Herbert Eglie has established the Herbert E. Eglie Patient Advocacy Fund, which will enable CHSP to devote more time and resources to train health care students to be devoted patient advocates.

Photo courtesy of: College of Health Sciences and Professions

College of Health Science and Professions students

College of Health Science and Professions students practice bedside manner during lab time in the School of Nursing.

Photo courtesy of: Ben Siegel, UCM



“Patients need to know that they can speak up and question the care they are receiving,” said Herbert E. Eglie, 1957 graduate of the College of Arts and Sciences. “We need more [health care professionals and staff] who are willing to get involved and work together to see that patients are receiving the very best care.”

Herbert Eglie, former food service director for 32 years at Aramark (formerly ARA Services), has committed $1 million to The Ohio University Foundation to establish the Herbert E. Eglie Patient Advocacy Fund, which will enable the College of Health Sciences and Professions to devote more time and resources to train their health care students to be devoted patient advocates.

“This fund will open up a whole new area for us,” said Randy Leite, dean of the College of Health Sciences and Professions. “A lot of the support we see for our college is focused support for established programs. This fund allows us the freedom to develop new programs and design them in a way that will make a meaningful impact across all health care disciplines.”

Eglie’s professional and personal experiences in hospitals and nursing homes demonstrate that medical professionals can, and often will, make decisions that are not in accordance with the desires of the patient or their family. A longtime friend of OHIO, Eglie hopes to see his alma mater be part of making a positive change in the health care industry.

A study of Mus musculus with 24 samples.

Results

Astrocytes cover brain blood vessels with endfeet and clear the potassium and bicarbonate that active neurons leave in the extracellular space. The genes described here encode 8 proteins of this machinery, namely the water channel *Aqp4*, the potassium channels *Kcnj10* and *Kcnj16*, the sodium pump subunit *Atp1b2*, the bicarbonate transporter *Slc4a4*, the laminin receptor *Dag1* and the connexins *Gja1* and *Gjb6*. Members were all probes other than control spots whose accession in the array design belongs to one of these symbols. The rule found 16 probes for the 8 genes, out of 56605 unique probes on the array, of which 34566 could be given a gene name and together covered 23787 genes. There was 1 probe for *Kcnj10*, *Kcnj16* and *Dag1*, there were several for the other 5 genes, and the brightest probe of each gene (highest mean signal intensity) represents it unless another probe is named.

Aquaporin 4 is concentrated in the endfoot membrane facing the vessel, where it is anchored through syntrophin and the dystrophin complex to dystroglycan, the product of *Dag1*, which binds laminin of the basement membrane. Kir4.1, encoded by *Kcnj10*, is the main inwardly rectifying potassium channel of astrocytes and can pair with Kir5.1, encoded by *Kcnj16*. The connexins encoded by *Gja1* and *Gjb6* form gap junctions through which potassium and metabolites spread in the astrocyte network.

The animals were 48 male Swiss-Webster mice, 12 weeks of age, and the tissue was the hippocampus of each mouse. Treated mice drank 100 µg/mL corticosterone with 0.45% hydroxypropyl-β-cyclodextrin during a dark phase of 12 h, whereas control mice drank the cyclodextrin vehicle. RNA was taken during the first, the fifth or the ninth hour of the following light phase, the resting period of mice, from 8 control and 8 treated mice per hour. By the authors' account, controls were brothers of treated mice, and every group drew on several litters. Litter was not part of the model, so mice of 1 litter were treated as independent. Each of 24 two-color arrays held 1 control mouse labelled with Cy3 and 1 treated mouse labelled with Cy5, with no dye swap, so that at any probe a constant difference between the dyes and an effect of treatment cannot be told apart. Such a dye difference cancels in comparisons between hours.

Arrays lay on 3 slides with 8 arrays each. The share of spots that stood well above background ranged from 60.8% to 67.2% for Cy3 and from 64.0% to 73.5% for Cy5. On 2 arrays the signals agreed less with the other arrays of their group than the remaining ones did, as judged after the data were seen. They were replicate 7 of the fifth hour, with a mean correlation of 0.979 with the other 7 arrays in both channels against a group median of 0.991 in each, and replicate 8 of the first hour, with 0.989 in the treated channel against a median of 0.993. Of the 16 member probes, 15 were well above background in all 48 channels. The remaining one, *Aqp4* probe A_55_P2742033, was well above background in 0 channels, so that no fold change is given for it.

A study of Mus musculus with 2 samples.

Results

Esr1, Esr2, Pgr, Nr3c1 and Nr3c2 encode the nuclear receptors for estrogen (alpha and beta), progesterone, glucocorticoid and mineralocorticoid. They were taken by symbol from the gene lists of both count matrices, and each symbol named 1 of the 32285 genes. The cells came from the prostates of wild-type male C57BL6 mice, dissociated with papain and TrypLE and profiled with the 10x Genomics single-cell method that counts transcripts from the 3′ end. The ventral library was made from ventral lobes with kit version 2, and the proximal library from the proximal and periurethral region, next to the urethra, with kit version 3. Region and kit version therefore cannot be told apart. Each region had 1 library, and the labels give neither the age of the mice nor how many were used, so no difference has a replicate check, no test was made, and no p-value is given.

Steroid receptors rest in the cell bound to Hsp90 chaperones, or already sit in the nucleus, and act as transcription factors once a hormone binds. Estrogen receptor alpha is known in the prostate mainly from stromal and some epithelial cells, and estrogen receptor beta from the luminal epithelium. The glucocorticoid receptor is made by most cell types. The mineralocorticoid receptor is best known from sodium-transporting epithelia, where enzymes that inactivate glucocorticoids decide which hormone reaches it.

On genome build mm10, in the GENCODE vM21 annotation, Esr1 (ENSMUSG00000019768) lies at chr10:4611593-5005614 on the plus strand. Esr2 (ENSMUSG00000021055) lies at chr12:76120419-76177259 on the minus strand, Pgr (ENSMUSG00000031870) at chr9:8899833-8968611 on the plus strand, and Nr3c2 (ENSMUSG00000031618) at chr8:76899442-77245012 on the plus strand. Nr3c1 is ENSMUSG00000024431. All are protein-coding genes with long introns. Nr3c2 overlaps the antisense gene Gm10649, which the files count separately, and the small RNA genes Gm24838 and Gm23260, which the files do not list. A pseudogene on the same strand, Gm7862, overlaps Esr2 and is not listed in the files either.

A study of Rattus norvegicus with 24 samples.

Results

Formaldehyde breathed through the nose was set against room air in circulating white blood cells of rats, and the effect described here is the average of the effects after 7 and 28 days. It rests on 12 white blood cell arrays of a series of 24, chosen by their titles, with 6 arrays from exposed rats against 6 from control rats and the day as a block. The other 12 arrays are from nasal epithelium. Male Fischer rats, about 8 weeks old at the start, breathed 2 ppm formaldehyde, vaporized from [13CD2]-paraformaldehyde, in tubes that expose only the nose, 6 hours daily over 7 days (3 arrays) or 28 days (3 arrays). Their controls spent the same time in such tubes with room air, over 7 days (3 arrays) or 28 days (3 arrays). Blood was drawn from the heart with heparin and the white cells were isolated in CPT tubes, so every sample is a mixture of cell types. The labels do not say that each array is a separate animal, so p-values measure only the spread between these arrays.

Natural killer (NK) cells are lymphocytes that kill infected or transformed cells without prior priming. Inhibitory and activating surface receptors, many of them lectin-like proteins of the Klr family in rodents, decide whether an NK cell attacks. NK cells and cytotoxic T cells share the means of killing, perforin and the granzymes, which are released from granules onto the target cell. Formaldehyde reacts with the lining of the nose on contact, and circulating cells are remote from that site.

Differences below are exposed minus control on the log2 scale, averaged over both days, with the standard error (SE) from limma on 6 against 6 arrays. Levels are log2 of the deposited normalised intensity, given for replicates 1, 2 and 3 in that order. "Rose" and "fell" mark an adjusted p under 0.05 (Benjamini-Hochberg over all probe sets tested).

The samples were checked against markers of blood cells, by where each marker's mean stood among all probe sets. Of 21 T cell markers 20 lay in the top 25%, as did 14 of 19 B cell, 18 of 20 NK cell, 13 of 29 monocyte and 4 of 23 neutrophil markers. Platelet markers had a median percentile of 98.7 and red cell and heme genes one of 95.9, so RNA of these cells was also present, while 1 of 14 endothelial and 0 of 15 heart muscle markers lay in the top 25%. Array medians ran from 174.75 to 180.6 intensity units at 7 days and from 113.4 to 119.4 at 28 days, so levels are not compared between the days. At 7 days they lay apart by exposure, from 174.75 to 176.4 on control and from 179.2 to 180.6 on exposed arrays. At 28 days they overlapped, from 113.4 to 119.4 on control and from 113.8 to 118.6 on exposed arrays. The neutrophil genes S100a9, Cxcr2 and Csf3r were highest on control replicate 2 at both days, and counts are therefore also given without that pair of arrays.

“Everyone from the cleaning staff and aides on up to the doctors and nurses who are involved in patient care need to feel a responsibility to find out what the wishes [of the patient] are and strive for a better level of care,” Eglie said.

Ultimately, those who stand to benefit the most from the fund are the patients who will be treated by OHIO graduates.

“It’s one thing to encourage [faculty, staff and students] to make patient advocacy a priority; it’s another thing to be able to say ‘we can help you make it happen,’” said Leite. “Herb’s interests and support will help us to put together resources, activities, workshops and potentially even a certification program where we can host panels of current professionals and actual patients, which would be really impactful for students to see.”

A portion of Eglie’s gift will be added to the Russel W. and Ida L. Eglie Memorial Scholarship, which he established in 2007 in his parent’s memory; eleven scholarships have been awarded in the past seven years. Each year Eglie visits the Athens Campus to meet with the recipients of his scholarship and their parents.

“I get a warm fuzzy feeling when I meet the students and hear about the ways that the scholarship has helped them,” Eglie said. “I hope to continue to be involved with the students receiving the scholarship and those who will benefit [from the patient advocacy fund].”

The gift represents the vast majority of Eglie’s estate. A widower of the late Margaret R. Eglie, he knew that his two stepsons and step daughter (Fred and Kenneth Pollock and Marcia Farabee) were already financially secure, and he wanted his estate to make a lasting impact.

“I’ve done reasonably well in my life, and I want to give something back to society,” said Eglie. “These two areas [Ohio University and Patient Advocacy] are of prime concern to me.”

Eglie’s gift is part of OHIO’s The Promise Lives Campaign, which reached its goal of $450 million in support of students, faculty, programs, outreach and facilities in April—14 months ahead of the June 30, 2015 deadline. Having secured more than $464.4 million, the Campaign will continue through June 2015 and focus on increasing scholarship gifts.

“We have an obligation toward anyone who makes a gift, to be true to their vision,” said Leite. “Herb’s vision is that our graduates go out into the professional world with the knowledge of just knowing how important it is to communicate with patients on their level, and are willing to advocate for the best care possible.”